A half-dozen of the 20 or so government staffers manning the new regional Disaster Recovery Assistance Center in Lake Luzerne sat idle for hours Saturday as not one person visited the center to seek help from the destruction of Tropical Storm Irene. The assistance center, located in the Lake Luzerne Town Hall on Rte. 9N, is to remain open and fully staffed from 8 a.m. to 8 p.m. seven days per week into October. A wide variety of help is available from the agencies, not only with grants and low-income loans for rebuilding homes and businesses, but for temporary assistance with living expenses — and help in expediting replacement of vital legal documents.

A half-dozen of the 20 or so government staffers manning the new regional Disaster Recovery Assistance Center in Lake Luzerne sat idle for hours Saturday as not one person visited the center to seek help from the destruction of Tropical Storm Irene. The assistance center, located in the Lake Luzerne Town Hall on Rte. 9N, is to remain open and fully staffed from 8 a.m. to 8 p.m. seven days per week into October. A wide variety of help is available from the agencies, not only with grants and low-income loans for rebuilding homes and businesses, but for temporary assistance with living expenses — and help in expediting replacement of vital legal documents. Photo by Thom Randall.

— More than 20 experts in disaster assistance, representing well over a dozen federal and state agencies, are now on duty at the new Disaster Recovery Center to aid local individuals and businesses, in Warren County and surrounding areas, recover from Tropical Storm Irene.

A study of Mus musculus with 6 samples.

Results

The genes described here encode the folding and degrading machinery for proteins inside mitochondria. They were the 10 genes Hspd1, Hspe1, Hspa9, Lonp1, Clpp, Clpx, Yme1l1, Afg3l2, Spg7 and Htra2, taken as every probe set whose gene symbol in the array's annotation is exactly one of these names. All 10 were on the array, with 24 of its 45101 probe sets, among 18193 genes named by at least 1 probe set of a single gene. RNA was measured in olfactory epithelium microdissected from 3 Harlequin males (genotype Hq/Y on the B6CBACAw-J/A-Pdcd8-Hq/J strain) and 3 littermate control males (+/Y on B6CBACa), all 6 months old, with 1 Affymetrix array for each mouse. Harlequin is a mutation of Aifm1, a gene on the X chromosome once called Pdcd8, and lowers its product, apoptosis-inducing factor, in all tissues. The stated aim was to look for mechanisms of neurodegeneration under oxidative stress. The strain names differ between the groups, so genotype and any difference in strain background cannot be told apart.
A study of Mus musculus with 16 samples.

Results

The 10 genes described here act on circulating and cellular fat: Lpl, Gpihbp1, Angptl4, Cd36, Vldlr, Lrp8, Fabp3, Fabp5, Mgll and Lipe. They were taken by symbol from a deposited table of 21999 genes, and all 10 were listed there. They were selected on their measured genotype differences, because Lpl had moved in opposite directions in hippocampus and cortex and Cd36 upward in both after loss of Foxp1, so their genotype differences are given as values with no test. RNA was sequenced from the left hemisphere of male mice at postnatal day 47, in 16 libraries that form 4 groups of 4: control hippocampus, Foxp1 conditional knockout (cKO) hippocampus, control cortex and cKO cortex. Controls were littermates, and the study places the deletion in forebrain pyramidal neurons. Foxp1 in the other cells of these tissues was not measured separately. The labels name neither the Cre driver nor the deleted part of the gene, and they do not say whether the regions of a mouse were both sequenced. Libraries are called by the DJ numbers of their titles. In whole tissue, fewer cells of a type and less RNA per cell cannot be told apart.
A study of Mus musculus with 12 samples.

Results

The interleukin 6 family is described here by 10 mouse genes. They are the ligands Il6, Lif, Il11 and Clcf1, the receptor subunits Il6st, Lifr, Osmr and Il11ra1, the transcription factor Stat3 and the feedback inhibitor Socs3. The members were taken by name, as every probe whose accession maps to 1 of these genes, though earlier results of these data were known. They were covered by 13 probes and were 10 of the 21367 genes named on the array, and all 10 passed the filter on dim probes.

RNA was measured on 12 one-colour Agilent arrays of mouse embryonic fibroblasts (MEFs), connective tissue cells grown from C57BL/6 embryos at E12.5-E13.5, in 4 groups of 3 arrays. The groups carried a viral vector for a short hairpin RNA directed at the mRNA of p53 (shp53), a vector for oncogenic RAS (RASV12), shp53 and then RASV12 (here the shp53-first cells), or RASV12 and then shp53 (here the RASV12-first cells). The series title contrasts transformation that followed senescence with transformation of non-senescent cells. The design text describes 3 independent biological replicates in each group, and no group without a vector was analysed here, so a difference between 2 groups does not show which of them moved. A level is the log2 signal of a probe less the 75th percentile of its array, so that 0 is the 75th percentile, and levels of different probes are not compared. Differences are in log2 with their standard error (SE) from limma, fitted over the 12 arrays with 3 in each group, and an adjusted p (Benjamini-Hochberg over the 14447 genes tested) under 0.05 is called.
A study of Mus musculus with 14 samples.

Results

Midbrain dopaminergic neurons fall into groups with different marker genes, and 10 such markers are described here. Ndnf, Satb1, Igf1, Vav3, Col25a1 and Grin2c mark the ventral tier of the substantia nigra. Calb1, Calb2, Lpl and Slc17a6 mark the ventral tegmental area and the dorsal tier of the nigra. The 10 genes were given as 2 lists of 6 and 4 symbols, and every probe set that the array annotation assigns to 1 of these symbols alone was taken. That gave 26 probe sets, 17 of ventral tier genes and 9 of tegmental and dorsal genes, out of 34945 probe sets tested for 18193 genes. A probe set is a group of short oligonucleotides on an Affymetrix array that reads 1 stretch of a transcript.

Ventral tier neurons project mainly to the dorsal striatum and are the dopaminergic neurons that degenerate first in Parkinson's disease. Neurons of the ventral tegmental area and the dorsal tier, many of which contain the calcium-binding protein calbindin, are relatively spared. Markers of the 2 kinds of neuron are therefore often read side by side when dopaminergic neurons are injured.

Seven days per week, from 8 a.m. to 8 p.m.

But on Saturday Aug. 17, the second day the center was open, these disaster aid workers were staring at the walls and chatting with each other.

Not one person had yet showed up at the center to request help.

Despite the lack of public turnout, Federal Emergency Management Agency spokesman Peter Lembessis said that he expects some traffic soon at the disaster aid center.

“Maybe they don’t really know we’re all here yet,” he said, noting that the center will be open probably into October. “People may not yet know the extent of their losses.”

Looking at the various agency personnel read books or gaze into space, Lembessis said he was pleased with the extensive outreach the state was offering, as well as his federal colleagues.

“I’m very impressed with the state,” he said, “The range of services they’ve assigned to staff this center is outstanding.”

Not only is FEMA offering grants of to up to $30,000 for individuals to reimburse damages to their primary homes, but they are offering additional sums up to $200,000 in low-interest loans for rebuilding.

Also, the state is offering weatherization grants to moderate-income families whose homes have suffered damage from hurricanes Irene and Lee. Qualifying families of modest income displaced by these storms are also eligible for low-income housing.

The federal Small Business Administration, agency representatives explained, is offering low-interest loans to enable homeowners to rebuild after suffering structure, real estate and personal property losses. Renters that were flooded out can receive these loans to reimburse their personal property losses.